Yesterday I was in the supermarket with my Mom, and I was pointing out the section they had devoted to gluten free food. She said-”It’s so expensive!” We were looking at the baking mixes, and gluten free pasta. And I agree-a box of the Betty Crocker Gluten Free Chocolate Chip cookie mix was $4.99. The glutinous regular mix was $1.99. Big difference, without a doubt. I explained to her that buying specialty items like the cookie mix was a rarity though, and for the most part I eat naturally gluten free foods, which don’t cost any more than regular groceries.
Let’s take a look at 2 sample menus. The first menu is composed of foods that are primarily naturally gluten free, and the second composed more of food that is engineered to be gluten free. These are of course approximate, as actual costs may vary dependent on location.
Sample grocery list 1-just an example
Grand Total: Total Servings:
Sample grocery list 2-(again just an example, I’m not going to pretend to know how many these will feed-depends so much on the people in the family!)
Grand Total: Total Servings:
I will be the first to admit that this is far from scientific. The serving amounts I used are based on the product packaging, or in the case of chicken breast/sweet potato=stuff without packaging, I just used common serving sizes. To get the total servings I simply added them all, so it is not necessarily representative of a specific meal plan. What I hope it illustrates is that by choosing more foods that a naturally gluten free, you get more bang for your buck. And not just from a financial perspective, either. As a general rule, you will receive more nutrition for the calorie as well-so nutritional bang for your caloric buck as I am fond of saying. You also will be getting some key nutrients that we may be deficient in, as I talked about in my “common nutrient absorption issues” article.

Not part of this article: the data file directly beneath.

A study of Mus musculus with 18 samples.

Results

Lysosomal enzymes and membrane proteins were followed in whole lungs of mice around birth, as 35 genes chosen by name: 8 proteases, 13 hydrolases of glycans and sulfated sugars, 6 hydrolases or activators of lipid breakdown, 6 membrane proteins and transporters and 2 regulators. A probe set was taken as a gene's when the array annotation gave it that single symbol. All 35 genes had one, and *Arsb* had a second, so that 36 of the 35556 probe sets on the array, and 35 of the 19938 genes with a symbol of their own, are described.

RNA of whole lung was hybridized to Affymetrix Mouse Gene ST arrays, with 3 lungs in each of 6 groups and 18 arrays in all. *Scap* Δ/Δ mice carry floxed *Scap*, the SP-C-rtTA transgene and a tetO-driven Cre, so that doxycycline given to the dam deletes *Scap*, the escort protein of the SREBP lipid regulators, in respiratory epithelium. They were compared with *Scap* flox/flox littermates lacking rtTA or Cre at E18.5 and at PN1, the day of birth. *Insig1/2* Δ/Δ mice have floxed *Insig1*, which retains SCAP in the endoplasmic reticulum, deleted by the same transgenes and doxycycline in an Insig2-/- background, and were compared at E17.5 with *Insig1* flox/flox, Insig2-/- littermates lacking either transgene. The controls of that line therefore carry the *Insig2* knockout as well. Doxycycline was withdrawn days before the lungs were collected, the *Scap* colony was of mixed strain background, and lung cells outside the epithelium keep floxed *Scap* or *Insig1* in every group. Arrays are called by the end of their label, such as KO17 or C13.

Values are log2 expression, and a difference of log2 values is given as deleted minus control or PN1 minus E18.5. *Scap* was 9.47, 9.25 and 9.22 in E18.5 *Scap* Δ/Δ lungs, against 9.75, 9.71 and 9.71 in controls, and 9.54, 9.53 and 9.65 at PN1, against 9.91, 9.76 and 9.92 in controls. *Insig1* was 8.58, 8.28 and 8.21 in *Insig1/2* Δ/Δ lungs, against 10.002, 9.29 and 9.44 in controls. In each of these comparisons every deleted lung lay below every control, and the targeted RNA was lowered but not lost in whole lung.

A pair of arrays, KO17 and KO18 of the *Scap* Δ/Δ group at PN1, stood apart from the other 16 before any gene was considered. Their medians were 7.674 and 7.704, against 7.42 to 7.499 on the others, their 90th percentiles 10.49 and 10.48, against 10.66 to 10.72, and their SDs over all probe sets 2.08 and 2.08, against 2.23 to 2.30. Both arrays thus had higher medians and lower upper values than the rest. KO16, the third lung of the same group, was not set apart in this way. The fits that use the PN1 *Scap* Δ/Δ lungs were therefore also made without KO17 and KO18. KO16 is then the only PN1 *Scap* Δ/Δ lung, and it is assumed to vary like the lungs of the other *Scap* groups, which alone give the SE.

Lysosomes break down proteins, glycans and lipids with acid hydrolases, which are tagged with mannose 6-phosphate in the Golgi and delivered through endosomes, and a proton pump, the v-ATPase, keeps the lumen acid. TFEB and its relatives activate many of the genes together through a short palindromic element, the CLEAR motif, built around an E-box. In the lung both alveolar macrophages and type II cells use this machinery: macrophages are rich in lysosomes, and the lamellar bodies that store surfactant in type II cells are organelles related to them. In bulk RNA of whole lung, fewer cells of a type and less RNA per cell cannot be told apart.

My friend Kim posts her weekly menu plan over at Gluten Free is Life, and I think she does a great job of incorporating mostly naturally gluten free foods with a few other fun items thrown in. She cooks for her kids, and her menus are very kid friendly, but still very health aware. Check them out for some good ideas. Also, my article on “cooking healthfully and flavorfully gluten free” may give some inspiration too.
As this year progresses, I will be continuing my “not really a recipe” cooking article series. I’ve gotten some feedback that cooking with methods instead of complicated recipes may be a helpful and less intimidating way for people to feel more comfortable cooking-so that’s what we shall do! (And since that’s how I cook anyway-works out well all around!)
The updated free nutrition guide is now available, and you also receive the free audio companion-essentially an audiobook of the guide in MP3 form. You can sign up to receive that right below this post.
So what do you think? How do you handle the financial impact of living gluten free?